The Bible is a peculiar book, and it's hard to get straight information about it. If you're one of those people with a nagging feeling that you should know more about the Bible than you do -- or even if you can recite chapter and verse (but don't know that those chapters and verses come from a 13th century archbishop of Canterbury and a 16th century Parisian, respectively) -- then these five basic things will catapult you to a new level of biblical literacy. Though I might be handing you clunky corrective eyewear instead of sexy kitten glasses, I promise that they will change the way you look at the Good Book, clarifying and focusing your understanding.
1. Every Bible is actually a collection of books. The word itself means something like "little library." Many of the Bible's books developed over a long period of time and include the input of a lot of people (ancient Israelites, Babylonian Jews and Greek pastors, to name a few), reflecting particular places (urban Jerusalem, the northern Galilee, rural Judah and ancient Persia, for example) and times (spanning as much as 1,000 years for the Old Testament and a couple of centuries for the New Testament). Plus, the collection as a whole developed over centuries. This helps to explain the tremendous variety of theological perspectives, literary style, and sometimes perplexing preoccupations (which animal parts go to which parties in which categories of sacrifices, e.g.), as well as why some texts disagree with others.
2. Not everyone who believes in it has the same Bible. There are actually different bibles, though they all started with Jews (but before Judaism, per se). The Christian bible includes and depends upon the Jewish bible -- the Protestant Christian Old Testament is composed of the same books as the Jewish Hebrew Bible, arranged in a different order; and non-Protestant Christians include a few more books and parts of books (which also originated in Jewish circles) in their Old Testaments. The books of the Christian New Testament reflect the process of Jesus' followers gradually distinguishing themselves from his religion, Judaism.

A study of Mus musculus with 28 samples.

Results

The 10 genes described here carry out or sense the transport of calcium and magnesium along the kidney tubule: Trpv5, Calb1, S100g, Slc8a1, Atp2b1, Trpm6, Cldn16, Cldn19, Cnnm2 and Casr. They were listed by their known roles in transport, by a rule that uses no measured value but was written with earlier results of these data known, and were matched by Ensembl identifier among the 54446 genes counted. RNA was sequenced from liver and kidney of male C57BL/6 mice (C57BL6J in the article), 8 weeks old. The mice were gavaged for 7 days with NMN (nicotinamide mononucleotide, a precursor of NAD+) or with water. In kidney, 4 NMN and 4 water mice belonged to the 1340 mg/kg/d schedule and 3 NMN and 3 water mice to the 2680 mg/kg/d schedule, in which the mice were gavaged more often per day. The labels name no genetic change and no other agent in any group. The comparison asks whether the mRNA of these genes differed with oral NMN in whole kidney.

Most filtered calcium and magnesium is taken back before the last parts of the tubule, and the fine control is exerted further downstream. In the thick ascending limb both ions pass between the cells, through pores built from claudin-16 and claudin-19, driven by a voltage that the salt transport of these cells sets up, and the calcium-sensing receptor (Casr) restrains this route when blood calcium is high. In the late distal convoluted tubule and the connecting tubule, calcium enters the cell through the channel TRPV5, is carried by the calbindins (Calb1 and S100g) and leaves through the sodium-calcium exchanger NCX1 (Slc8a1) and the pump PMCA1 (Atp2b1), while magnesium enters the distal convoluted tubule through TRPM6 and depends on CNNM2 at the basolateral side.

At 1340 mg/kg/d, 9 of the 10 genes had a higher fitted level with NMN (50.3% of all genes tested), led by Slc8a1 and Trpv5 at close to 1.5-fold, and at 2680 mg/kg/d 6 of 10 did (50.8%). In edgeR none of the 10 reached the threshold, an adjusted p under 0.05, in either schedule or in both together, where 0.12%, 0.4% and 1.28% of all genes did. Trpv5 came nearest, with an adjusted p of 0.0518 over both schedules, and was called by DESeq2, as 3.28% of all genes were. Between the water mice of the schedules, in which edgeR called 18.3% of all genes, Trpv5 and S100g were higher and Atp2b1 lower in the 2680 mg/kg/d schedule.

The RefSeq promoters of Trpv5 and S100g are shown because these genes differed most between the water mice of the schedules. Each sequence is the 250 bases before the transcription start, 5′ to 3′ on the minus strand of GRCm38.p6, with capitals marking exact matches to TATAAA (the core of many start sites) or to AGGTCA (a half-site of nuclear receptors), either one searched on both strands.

3. The Bible came after the literature it comprises. In other words, the material that became biblical wasn't written in order to be part of a Bible. This helps to explain the existence of a book of erotic love poetry (Song of Songs), one that doesn't mention God (Esther), another of intimate personal correspondence (Paul's letter to Philemon) and maybe why none of it was written by Jesus. The biblical texts are not disinterested reporting of objective facts but come from people of faith informed by particular beliefs.
4. If you're reading the Bible in English, you're reading a translation. With the exception of a small minority of Aramaic texts, the books of the Old Testament or Hebrew Bible were all written in Hebrew. The books of the New Testament were written in Greek. Every translation is by nature interpretation. If you've ever studied a foreign language, you know that it's impossible to convert exactly and for all time the literature or speech of any given language into another. A translator has to make choices. There are often several ways to render the original text, and changes in English affect the meaning we read as well.
5. Finally, this information about the Bible is compatible with belief in it. A person can simultaneously accept these truths about the Bible and the Bible as the Word of God. Doing so may require recalibrating assumptions, though, to allow for the possibility that God patiently works through people and time, enjoys a good debate and prefers inviting conversation over issuing absolutes. (Even the Ten Commandments, which would seem to be as absolute as anything, show up in two places in the Bible -- and with some differences.)
The Bible's endurance is astonishing. It continues to instruct and to inspire (in all sorts of interpretations and ways) the millions of people for whom it is their sacred and authoritative text. And it continues to ignite the imagination and enrich the speech, literature and art of people outside of the biblical faiths, too. Knowing the few bits of information provided here, as plain and pedantic as they may seem, makes it possible to make sense of the Bible -- its uses and abuses -- for yourself. It's like having the kind of friend who you know will keep you straight, surprise and delight you and encourage you to keep becoming exactly you. This information is more than a starting point. It's also a companion along the way, enabling new insights, providing correctives, and allowing space for the dynamism of your own ideas and learning.
Kristin Swenson is the author of Bible Babel: Making Sense of the Most Talked About Book of All Time (Harper, 2010; Harper Perennial, 2011) now available in paperback! She is an Associate Professor of Religious Studies at Virginia Commonwealth University.